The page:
I was raised Catholic but opted not to be confirmed. In my very Irish family, that was pretty sacrilegious, but I firmly stood by the notion that it would be not only dishonest personally but also a disrespect to the Catholic Church itself to be confirmed in it without upholding its beliefs.
In the following years, I lost much of my belief in the organization of religion as a whole; especially in an institution as large and long-standing as the Catholic Church, I find that the spirituality of a thing can become lost in the fray of politics and ego.
As such, I was the sort of student who came to Fordham with the intent to tolerate but not engage the Jesuit tradition. I didn’t resent it, but I didn’t think it was for me.
It was this perspective that brought me to my observation of last week’s papal conclave with an enormous sense of apathy. I had been so put off by Pope Benedict XVI’s demeanor in the position that I could not possibly conceive of a successor who might excite me.
When I got the tweet from Fordham announcing the appearance of white smoke at the Vatican (yes, that was my news source on the issue), the greatest sentiment I could muster was a lukewarm “meh.”
No one was more surprised than I, then, when, upon finally settling down to read a news report on the matter, I found that there was indeed a new Bishop of Rome in whom I might be able to place my hope for the future.
Yes, Fordham, you got to me. He’s a Jesuit, and I can get behind that.
I don’t know how it happened, but the Jesuit tradition has, in the past two years, wormed its way into my brain and taken hold of my convictions.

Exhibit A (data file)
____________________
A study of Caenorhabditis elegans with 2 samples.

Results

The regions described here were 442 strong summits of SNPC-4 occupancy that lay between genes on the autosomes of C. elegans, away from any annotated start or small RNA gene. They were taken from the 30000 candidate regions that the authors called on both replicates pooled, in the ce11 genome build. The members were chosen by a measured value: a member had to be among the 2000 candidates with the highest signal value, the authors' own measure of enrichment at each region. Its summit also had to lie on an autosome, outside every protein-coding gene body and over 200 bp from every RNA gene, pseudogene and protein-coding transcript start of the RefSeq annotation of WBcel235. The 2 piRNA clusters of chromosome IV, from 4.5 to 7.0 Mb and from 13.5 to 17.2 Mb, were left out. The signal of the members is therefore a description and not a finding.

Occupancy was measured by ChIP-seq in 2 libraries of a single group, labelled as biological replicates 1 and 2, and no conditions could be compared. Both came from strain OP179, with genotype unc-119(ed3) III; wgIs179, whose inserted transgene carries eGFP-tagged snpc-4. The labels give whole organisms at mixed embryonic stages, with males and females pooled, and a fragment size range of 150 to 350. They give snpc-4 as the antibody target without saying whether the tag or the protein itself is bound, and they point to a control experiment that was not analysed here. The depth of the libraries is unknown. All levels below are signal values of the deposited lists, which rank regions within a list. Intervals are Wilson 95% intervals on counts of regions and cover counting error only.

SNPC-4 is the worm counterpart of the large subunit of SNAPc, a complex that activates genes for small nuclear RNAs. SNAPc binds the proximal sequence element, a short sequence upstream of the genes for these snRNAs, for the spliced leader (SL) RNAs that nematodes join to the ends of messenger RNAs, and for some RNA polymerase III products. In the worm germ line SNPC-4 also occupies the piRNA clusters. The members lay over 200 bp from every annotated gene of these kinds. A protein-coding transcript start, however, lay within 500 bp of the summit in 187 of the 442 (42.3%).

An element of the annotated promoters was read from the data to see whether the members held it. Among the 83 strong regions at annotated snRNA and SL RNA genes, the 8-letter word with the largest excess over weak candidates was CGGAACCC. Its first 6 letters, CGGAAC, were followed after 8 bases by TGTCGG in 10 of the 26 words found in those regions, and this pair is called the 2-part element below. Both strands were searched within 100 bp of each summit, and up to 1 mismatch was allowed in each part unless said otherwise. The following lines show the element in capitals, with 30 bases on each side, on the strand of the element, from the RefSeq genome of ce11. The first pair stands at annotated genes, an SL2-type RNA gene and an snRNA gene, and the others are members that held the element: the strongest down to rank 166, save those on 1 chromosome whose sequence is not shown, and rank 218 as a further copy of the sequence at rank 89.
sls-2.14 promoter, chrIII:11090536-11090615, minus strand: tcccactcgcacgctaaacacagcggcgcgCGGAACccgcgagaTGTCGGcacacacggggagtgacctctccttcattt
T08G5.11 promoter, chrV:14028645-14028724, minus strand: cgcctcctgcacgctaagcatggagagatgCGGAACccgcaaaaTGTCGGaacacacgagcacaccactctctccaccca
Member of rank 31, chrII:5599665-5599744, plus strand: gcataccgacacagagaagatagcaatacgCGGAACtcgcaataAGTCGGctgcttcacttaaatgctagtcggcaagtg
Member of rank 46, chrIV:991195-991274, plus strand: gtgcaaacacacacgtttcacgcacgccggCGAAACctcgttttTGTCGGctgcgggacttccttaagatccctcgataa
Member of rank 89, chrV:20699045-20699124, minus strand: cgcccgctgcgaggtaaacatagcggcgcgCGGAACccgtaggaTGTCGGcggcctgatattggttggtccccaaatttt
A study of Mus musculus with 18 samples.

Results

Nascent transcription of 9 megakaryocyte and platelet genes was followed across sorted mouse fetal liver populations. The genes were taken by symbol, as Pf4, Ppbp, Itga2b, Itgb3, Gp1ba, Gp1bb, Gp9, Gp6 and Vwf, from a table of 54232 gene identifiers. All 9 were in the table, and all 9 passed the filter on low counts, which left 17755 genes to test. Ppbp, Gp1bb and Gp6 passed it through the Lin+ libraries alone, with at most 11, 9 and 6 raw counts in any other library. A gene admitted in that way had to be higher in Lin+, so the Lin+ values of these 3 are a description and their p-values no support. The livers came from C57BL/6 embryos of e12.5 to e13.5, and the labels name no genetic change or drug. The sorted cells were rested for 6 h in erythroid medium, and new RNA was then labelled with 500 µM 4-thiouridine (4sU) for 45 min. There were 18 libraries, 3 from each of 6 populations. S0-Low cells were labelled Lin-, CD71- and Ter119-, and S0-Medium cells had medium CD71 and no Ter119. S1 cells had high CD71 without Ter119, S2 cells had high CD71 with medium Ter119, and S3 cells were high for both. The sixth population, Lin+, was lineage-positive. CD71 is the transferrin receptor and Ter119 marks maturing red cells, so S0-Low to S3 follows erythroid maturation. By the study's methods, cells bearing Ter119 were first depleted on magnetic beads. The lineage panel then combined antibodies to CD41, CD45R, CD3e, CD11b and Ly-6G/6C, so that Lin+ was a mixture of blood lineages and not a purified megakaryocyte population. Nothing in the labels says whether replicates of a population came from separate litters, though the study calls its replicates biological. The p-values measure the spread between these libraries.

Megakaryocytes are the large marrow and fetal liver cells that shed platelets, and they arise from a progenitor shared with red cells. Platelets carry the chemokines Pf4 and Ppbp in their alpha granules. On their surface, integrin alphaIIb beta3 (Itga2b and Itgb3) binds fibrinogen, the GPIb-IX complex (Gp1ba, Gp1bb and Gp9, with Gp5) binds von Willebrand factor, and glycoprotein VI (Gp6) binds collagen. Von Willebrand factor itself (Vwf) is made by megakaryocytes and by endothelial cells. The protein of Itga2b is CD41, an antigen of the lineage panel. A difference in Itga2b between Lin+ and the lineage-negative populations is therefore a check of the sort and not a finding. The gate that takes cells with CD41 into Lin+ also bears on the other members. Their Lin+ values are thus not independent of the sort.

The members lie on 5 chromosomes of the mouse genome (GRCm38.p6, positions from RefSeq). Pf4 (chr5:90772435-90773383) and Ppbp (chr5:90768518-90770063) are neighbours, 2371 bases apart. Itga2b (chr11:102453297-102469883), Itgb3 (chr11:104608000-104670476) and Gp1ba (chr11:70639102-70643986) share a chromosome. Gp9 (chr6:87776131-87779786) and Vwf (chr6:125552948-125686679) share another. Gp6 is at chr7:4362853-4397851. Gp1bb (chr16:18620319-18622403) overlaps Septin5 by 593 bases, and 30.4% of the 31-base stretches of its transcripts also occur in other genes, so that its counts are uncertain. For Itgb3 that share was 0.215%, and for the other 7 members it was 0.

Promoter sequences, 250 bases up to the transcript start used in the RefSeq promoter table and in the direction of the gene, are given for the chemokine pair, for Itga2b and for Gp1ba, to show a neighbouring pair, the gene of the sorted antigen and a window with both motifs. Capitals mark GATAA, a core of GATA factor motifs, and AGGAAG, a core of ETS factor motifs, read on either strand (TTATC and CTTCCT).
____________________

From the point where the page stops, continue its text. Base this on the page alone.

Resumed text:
In stark contrast to all of my past interactions with the church, I have seen the Jesuits champion time and time again an engagement with (but not necessarily adoption of) the secular world that was unprecedented in my own experience.
Their emphasis on the development, rather than denial, of the individual displays a realism that I very much appreciate. The encouragement to engage in academia, whether secular or religious, is a testament to the freedom that the Jesuit tradition grants its followers to come upon the truth in their own time and fashion.
In my time studying a Jesuit curriculum, I have never once been told that my beliefs are wrong, and it is this welcoming and encouraging spirit of personal growth that has turned me, truly, into a student of Jesuit ideals.
It is with great optimism that I pray and wish the best for Pope Francis as he embarks on the difficult road ahead. Truly, I have the utmost hope that he will do well in his service of the Church and its followers.